Have sex, drugs and rock ‘n’ roll changed since professors were students?

Music professors discuss sex-positivity, stigma of drug use



Darryl Singleton says college students have a more sex-positive outlook.

BRANDON WILLMAN, Multimedia editor

Sex, drugs and rock ‘n’ roll have been a part of North American culture for decades, but the stigma and acceptance of each have changed drastically over time. When WSU professors were in school, their experience was far different than that of current students. 

Available resources and knowledge of practicing safe sex have increased, said A.J. Miller, assistant professor of music and assistant director of Cougar Marching Band.

I feel like students today are way smarter about partying than I or my friends were,” Miller said. “I could be completely wrong, and I’m sure in some cases I definitely am, but I just have this sense that students today are much more aware of the dangers that are out there and try to make sure they protect each other and themselves.” 

Despite this newfound awareness, the stigma surrounding sex culture has more or less stayed consistent, just in different ways. Band members on tour in the 60s and 70s were not frowned upon but instead praised for their ability to engage in sexual activity, he said.

Today, many consider it empowering and a conscious choice to engage in “hook-up culture,” but for others, it is still highly frowned upon, Miller said. 

“There definitely is a different view on sex these days, I would say. You’ve got ‘it’s just sex’ alongside the whole sex-positive thing, which is everywhere in music,” said Darryl Singleton, assistant professor of Black Music in America and Social Justice. 

Students may find themselves unable to picture their professors in the same position they are in now, as they are young, primed and ready to party, he said. 

“In general, sex and partying was something that everybody did but was really kept separate from our ‘in-school student’  life. As a musician and a student of [professors], most of whom had been college students and professional musicians at some point, there was a lot of tongue-in-cheek, ‘yeah, we know what you’re doing, after all, we invented it!’” Singleton said.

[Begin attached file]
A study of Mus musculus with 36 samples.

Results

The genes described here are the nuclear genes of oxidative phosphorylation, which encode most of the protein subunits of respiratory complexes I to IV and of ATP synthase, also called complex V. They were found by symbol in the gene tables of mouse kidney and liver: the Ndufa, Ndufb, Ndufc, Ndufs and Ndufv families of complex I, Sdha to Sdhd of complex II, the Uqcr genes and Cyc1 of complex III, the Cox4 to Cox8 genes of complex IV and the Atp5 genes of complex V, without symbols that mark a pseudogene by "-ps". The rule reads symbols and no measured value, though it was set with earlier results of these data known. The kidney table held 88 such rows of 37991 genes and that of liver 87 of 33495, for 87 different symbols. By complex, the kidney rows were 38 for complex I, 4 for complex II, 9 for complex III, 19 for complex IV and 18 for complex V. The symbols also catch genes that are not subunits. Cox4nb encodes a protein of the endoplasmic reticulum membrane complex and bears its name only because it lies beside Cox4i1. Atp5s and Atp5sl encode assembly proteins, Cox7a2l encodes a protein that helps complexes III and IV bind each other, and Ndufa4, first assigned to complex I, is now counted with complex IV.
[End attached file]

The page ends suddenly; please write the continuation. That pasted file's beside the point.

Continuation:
He said his time in college was similar to what he perceives party life to be like at WSU relatively contained to Greek Row but a prominent part of college life.

“I was in college from 1980-84. Drugs were highly stigmatized and even [cannabis] smoking was ‘serious’ to a certain extent,” Singleton said.

Stigma does not correlate to drug use, as usage has always been high on school campuses, according to Next Steps. 

Now, smoking cannabis is legalized in all but 10 states, and to an extent, has increased in medicinal use. Between 2015-18, prescriptions for medical cannabis increased by nearly 2%, according to Harvard Health.

When Miller attended Indiana State University, he said it tried to decrease the stigma surrounding drug use and provided educational material on how to make safe choices. 

“The university campus was generally separate from that in the town, but there was still a large amount of street drugs floating around campus. So, as far as scandals go … there weren’t really any. But there were a fair amount of drugs around … like … a lot,” Miller said. 

The one constant of the big three — sex, drugs and rock ‘n’ roll — has been the rock genre. While it may not be as dominant in the music industry as it once was, it still has a prominent role in the industry and in society, he said.

Miller is not one who holds his nostalgia for rock music above the current age of music, appreciating both individually and in tandem, he said.

I like everything. The new T-Swift album is great. DJ Khaled’s latest album was really strong. I also am listening to the latest remaster of ‘Revolver’ by the Beatles,” he said.